By Leader Contributor Jessie Rigney
Although we’re starting to see the light at the end of the COVID-19 tunnel — and many of us have received vaccines — many deathcare professionals are still feeling the strain from the recent spike in deaths. Here are a few industry-related stories to keep you up to date.
Ohio funeral directors are continuing to advocate for prioritized vaccination access as they continue to see more COVID-19 deaths come their way. Click here and here to learn more about the situation in Ohio.
Most of us will agree that COVID-19 has changed a lot about the world, and the funeral industry is no exception. Click here to learn more about a company that specializes in hosting virtual memorial services.
Even Rose Hills Memorial Park, one of the largest cemeteries in North America, is struggling to handle COVID-19 deaths. Read what the CEO and president of the park has to say about the situation here.
Funeral directors truly give until their last breath, and this funeral director was able to plan his own funeral just a few short hours before he died. Read about the legacy he left behind here.
Very few people are knowledgeable of the indigenous customs following a death, and it has become a North Dakota man’s mission to keep those traditions and customs alive for his tribe.
British funeral directors are sharing their perspective on having to turn away family members at services due to social distancing protocols.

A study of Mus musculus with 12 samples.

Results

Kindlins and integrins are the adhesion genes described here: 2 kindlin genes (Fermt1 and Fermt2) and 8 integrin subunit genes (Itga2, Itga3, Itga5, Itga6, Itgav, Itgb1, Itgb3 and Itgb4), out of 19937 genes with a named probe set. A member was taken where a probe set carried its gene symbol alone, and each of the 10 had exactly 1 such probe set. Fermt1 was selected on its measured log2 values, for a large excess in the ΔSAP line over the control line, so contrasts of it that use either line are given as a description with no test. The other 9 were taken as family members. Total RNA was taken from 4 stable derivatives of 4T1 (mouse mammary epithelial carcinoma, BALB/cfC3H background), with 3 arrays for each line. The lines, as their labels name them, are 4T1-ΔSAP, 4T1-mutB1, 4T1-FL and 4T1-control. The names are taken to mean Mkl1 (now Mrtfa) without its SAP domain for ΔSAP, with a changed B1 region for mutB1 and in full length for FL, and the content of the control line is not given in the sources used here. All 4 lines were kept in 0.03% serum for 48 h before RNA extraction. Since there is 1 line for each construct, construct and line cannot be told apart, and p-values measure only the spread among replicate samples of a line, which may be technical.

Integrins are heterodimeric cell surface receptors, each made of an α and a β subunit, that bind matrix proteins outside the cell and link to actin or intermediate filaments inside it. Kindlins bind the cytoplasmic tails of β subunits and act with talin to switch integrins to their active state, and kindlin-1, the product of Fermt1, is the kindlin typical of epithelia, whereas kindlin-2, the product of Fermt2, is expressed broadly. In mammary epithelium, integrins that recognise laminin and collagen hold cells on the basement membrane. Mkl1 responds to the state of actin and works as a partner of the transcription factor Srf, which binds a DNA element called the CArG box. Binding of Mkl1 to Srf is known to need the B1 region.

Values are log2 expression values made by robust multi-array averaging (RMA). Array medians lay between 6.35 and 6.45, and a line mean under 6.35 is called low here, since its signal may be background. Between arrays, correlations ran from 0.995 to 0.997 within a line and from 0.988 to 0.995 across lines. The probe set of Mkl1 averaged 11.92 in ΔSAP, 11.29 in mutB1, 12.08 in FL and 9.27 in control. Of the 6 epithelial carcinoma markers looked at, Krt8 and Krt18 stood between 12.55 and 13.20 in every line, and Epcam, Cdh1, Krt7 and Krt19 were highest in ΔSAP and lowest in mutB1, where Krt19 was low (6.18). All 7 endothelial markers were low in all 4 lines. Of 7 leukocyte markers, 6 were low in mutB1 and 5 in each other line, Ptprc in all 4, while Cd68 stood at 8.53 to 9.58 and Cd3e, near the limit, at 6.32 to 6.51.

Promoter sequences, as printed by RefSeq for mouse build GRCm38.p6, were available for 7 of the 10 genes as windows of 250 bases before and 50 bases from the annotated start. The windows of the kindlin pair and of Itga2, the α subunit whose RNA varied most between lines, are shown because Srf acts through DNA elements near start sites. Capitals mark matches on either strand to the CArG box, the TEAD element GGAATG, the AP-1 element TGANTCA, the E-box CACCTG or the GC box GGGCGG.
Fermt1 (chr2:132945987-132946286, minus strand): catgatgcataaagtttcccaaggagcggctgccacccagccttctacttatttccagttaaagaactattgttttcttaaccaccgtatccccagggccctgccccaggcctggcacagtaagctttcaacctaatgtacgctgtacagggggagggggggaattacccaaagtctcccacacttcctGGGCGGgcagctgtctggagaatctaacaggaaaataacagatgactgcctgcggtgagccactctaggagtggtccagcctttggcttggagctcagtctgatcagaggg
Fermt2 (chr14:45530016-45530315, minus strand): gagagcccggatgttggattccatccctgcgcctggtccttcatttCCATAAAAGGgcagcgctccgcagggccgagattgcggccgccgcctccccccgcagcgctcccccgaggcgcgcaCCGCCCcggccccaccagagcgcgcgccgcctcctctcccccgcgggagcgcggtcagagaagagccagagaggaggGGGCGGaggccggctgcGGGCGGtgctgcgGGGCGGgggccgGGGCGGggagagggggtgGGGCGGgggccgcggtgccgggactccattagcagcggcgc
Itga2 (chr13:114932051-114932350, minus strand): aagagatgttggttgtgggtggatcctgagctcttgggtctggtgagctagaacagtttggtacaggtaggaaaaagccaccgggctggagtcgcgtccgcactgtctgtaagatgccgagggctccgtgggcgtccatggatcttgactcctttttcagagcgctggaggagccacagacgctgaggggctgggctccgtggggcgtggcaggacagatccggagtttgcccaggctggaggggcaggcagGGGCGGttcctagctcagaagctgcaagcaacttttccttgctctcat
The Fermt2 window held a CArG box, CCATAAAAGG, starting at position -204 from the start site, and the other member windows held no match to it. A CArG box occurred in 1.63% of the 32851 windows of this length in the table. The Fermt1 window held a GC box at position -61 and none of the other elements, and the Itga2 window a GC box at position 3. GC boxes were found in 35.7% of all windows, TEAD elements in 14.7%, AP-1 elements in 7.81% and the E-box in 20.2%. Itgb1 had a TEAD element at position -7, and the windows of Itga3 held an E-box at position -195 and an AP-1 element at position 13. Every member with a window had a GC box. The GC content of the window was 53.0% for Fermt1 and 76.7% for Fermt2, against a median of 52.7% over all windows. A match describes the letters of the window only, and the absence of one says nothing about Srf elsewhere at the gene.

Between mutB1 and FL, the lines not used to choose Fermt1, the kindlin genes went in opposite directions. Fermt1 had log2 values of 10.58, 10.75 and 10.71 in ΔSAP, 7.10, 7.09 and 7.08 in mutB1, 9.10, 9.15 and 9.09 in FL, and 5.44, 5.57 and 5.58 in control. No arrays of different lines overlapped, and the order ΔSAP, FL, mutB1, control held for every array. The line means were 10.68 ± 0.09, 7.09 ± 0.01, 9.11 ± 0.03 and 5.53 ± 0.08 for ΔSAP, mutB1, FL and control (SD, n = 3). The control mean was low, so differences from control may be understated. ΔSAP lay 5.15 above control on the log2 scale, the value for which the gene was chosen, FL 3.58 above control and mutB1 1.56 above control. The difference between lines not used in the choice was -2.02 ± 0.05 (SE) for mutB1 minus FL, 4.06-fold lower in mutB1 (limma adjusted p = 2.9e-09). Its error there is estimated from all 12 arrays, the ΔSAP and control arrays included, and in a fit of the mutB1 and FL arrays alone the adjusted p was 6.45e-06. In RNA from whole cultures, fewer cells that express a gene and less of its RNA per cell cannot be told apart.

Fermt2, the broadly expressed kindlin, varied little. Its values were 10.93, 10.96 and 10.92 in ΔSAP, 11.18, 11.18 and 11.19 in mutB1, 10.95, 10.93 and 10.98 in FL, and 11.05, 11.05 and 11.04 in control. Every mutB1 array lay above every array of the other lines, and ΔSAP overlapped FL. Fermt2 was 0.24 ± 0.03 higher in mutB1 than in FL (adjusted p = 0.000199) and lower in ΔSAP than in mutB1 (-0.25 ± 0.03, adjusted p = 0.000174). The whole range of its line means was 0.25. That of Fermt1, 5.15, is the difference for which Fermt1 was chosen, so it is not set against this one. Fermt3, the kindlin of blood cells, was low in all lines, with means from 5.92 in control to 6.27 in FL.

The green burial movement wants to broaden the idea of placing less manmade materials in the ground and take a more natural approach instead. Learn more about the movement here.
We know there are COVID-19 “hotspots” across the country, and California cases continue to rise. When a funeral director apprentice in Ohio was asked to travel and help as a crematory operator, he didn’t hesitate to say yes. Click to read his story.
It’s no doubt funeral directors impact their communities. Read the legacy of a Pittsburgh funeral home owner who comforted families for generations.
COVID-19 is taking a toll on funeral directors and how they attempt to help those who are coping with loss. They’ve been trained on how to console those who have lost a child or a loved one from addiction — but a worldwide pandemic is new to them all.
Funeral directors and medical professionals everywhere are feeling overwhelmed by the number of COVID-19 cases. Read about this funeral director who feels his job is a ministry.
A law school professor is advocating for changes to address “funeral poverty” so families feel they have more control over end-of-life decisions.
Gladys Edwards Wallace, who helped build one of the most well-known funeral homes in Chicago, died in January. Click to read the 84-year-old’s legacy.
For a North Carolina funeral director, January was the busiest month in almost 100 years as he served nearly 100 families across his three locations.
A funeral home in Memphis is getting attention, and a Netflix series, about their drive-thru window that allows family members to mourn their loss from a safe distance.